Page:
Growing Grasses in Your Garden
While ornamental grasses first showed up as an unproven landscape trend, they have settled in as a mainstay within Colorado’s landscape. Many of these grasses offer what Colorado gardeners crave by being low-water, gardener-friendly plants that bring their own subtle and often shimmery character to our gardens. Learn more about ornamental grasses and see five varieties in this Plant Select® video featuring Denver Botanic Gardens’ Dan Johnson.
All the grasses featured in this video were selected for gardens in the west. They thrive in our high and dry conditions with little care, provide multi-season beauty and offer enchanting movement in many types of gardens. Ornamental grasses bring many desirable design qualities such as structure when used a backdrop to other plants, a strong vertical element and movement throughout most seasons. They will also fill up a fair amount of space in varying sun/shade exposures without requiring much water in return. Many of these grasses are habitat friendly by providing pollen for pollinators and seeds for birds. Some of them are deer resistant which adds to their desirability in locations where deer are prevalent. Planting tips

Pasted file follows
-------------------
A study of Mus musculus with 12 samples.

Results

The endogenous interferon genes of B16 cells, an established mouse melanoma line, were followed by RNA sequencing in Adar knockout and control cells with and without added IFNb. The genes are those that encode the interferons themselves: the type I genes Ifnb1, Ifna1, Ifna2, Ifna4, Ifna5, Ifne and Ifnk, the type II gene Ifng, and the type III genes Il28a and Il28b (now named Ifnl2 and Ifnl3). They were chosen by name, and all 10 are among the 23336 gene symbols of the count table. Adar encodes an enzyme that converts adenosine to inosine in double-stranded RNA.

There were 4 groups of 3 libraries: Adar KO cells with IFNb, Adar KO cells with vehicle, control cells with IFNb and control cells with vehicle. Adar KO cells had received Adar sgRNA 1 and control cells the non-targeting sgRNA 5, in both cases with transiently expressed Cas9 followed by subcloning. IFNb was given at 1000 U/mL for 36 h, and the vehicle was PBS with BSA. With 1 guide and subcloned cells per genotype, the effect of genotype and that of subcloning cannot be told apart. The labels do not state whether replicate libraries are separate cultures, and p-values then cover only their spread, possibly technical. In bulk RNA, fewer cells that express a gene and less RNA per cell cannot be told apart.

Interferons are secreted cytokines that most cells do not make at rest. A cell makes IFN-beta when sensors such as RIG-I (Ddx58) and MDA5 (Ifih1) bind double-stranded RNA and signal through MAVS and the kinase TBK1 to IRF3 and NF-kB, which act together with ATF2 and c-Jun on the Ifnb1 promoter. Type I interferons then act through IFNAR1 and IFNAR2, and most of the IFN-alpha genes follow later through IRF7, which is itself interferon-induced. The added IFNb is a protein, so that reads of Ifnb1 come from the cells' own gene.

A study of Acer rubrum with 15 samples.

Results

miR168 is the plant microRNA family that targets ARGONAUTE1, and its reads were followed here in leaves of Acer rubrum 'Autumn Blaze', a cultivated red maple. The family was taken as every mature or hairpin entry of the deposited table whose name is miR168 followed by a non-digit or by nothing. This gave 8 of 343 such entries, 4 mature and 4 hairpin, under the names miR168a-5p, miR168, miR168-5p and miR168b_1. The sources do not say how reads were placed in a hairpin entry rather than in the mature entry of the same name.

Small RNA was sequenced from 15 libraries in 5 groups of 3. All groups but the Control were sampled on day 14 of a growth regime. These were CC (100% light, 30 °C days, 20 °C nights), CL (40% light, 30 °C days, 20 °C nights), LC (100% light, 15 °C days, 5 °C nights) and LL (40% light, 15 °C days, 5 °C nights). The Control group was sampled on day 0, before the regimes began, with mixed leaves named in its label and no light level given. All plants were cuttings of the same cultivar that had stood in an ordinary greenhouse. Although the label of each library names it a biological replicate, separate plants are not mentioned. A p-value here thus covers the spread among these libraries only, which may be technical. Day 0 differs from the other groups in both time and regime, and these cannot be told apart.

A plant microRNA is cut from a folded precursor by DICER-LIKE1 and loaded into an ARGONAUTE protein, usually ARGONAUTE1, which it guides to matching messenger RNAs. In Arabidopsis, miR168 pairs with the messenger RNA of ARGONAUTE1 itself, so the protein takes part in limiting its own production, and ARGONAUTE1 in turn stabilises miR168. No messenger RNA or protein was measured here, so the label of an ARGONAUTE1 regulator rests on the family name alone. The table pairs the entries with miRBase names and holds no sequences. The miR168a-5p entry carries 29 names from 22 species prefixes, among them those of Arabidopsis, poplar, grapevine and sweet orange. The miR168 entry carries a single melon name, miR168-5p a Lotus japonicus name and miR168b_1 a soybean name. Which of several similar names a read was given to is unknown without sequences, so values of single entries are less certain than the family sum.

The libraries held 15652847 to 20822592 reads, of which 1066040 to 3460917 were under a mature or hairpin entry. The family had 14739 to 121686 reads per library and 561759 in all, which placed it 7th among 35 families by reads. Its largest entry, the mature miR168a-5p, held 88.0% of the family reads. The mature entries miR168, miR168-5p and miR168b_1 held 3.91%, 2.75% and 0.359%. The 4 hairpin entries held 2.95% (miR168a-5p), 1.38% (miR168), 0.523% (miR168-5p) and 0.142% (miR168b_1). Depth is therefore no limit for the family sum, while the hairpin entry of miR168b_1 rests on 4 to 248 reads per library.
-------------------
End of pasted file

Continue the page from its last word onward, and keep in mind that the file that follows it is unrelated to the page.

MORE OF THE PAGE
- Grasses don’t need to be separated into a designated “grass garden.” Place grasses among other perennials where they can serve as a border, a backdrop or a vertical element among other plants. Create a grouping of three to five plants as you might with other perennials.
Avoid planting grasses very late in the growing season as they tend not to do well with late-season planting. For best results, plant them before September 15 so they have sufficient time to get well established before winter sets in.